Home Video Hovel- World on a Wire
To see Rainer Werner Fassbinder’s 1973 reality-bender World on a Wire seems only half the battle. Such an exquisitely invigorating aesthetic experience from frame one, the temptation for formalists is to simply let it all wash over you, Marienbad-style, without a second thought for whatever content you may be missing out on. The camera lingers and rotates, zooms and pans, constantly keeping its subjects in carefully-blocked arrangements so that they may be better captured by the many mirrors that surrounds them. The music, at once dissonant and melodic, both undermines and enhances the drama onscreen, and the characters all behave like they just checked out of the Overlook Hotel. But one should mind their words, for when the film collapses in on itself at the act break (filmed for television, World on a Wire is presented here in two parts), it suddenly becomes a very, very different experience.
To say much more would spoil the fun, but to say it’s The Matrix with the aesthetics of Kubrick or Resnais and the emotion of Orwell or Huxley would not be terribly unfair to the new viewer, with proper leeway accorded to the viewer less familiar with these titans. It’s also joyously televisual, which is to say that Fassbinder knew the medium for which he filmed. It follows its plot most aggressively, letting the viewer parse its philosopher for him- or herself. I couldn’t find sufficient information on whether or not it would have aired with commercial breaks, but there are certainly enough cliffhangers for that to be the case; the one at the act break is as thrilling and enticing as a season finale of Lost. Suffice to say this is invigorating science fiction that also functions very satisfyingly as straightforward entertainment.
It is now, thanks to The Criterion Collection, also something you can now experience as it was intended – on your television! And on two separate nights if you so choose (and the total running time, three hours and thirty-two minutes, makes that a very attractive offer). The real benefit, however, is that it is something you can return to, again and again, to parse out unclear plot advances or to just dwell in the sheer strangeness of the first half, in addition to the obvious benefits of owning a truly great film.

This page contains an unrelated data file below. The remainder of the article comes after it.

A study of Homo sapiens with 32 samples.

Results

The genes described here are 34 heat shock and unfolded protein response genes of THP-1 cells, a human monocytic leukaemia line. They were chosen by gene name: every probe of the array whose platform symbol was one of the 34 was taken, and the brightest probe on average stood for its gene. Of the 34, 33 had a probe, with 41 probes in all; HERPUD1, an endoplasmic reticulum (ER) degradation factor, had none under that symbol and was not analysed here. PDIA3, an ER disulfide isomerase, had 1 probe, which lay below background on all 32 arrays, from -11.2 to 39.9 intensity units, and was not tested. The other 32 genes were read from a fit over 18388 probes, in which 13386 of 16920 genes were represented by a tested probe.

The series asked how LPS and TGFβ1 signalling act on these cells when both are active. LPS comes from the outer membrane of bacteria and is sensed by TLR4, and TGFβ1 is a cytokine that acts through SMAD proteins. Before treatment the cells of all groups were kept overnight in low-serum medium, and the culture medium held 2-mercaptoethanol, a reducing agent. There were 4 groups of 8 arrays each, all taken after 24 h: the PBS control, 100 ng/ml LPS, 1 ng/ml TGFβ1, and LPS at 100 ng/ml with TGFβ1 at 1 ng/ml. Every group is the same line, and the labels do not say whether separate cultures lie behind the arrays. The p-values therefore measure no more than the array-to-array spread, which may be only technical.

Criterion’s high-definition transfer to Blu-ray is quite pleasing. Fassbinder and Director of Photography Michael Ballhaus really made the most out of 16mm, exploiting its natural tendency to let colors bleed, and letting the whites boom bright. Blu-ray is a perfect format for these kind of bold choices in contrast that get washed out in even the best of film prints, so I was in hog heaven with this. 16mm stock also lends a natural softness that Criterion should not be blamed – rather, commended – for transferring faithfully while still maintaining due sharpness when available. It’s a hell of a show, especially considering how much they packed onto one disc.
There is some frame-specific damage and hairs left in. In one of the special features, which spends part of its time observing the restoration of World on a Wire, we see Ballhous claiming no one would notice this, but then he doesn’t know us home theater geeks now does he. Nonetheless, it’s contained to a few seconds and not terribly obtrusive.
Fassbinder’s sound design is quite ambitious, especially for television, with the music composed to be as bombastic as a film from the golden age of Hollywood, but given much less priority than the dialogue. The effect is quite invigorating, and Criterion has done a nice job of balancing the two, keeping everything crisp, clear, and robust.
The special features are at once limited and expansive. All we get are a documentary and an interview, but they run fifty minutes and thirty, respectively, and they pack a ton of information into those runtimes. The documentary, made in 2010 as the film was being restored, features interviews with Ballhous, co-screenwriter Fritz Müller-Scherz, actor Karl-Heinz Vosgerau, and many others who have just come to love the film. They focus mostly on the production side of things, featuring a lot of anecdotes about Fassbinder (who died in 1982 at the age of 37, having already made 40 feature-length films and many, many other projects). Documentarian Juliane Lorenz also explores how several elements of social commentary within the film have actually come to light, and how modern technology is not too different from the world Fassbinder depicted.
The other supplement is an interview with film scholar Gerd Gemünden, who, as one might expect from a film scholar, focuses on the aesthetics and interpretations within the film, and how it fits alongside Fassbinder’s other work. This is, of course, delightful and insightful.
And it wouldn’t be a Criterion release without an accompanying booklet. This is rather on the small side, featuring an essay by critic Ed Halter, focusing on the way Fassbinder uses mirrors and monitors to question reality. Honestly, any essay that didn’t at least mention this aspect of the film would do the film a massive disservice, but it’s nevertheless a good read.
Outward appearances make it seem like this is a rather slim package that Criterion has assembled, but then, appearances can be deceiving. The sheer quantity of entertainment you’re getting aside, World on a Wire is also an extraordinarily dense piece of filmmaking, particularly in its first half, and is well worth having on your shelf to return to time and time again. The special features may not be numerous, but they contain far more insight than most “jam-packed” “special edition” studio releases. Highly recommended.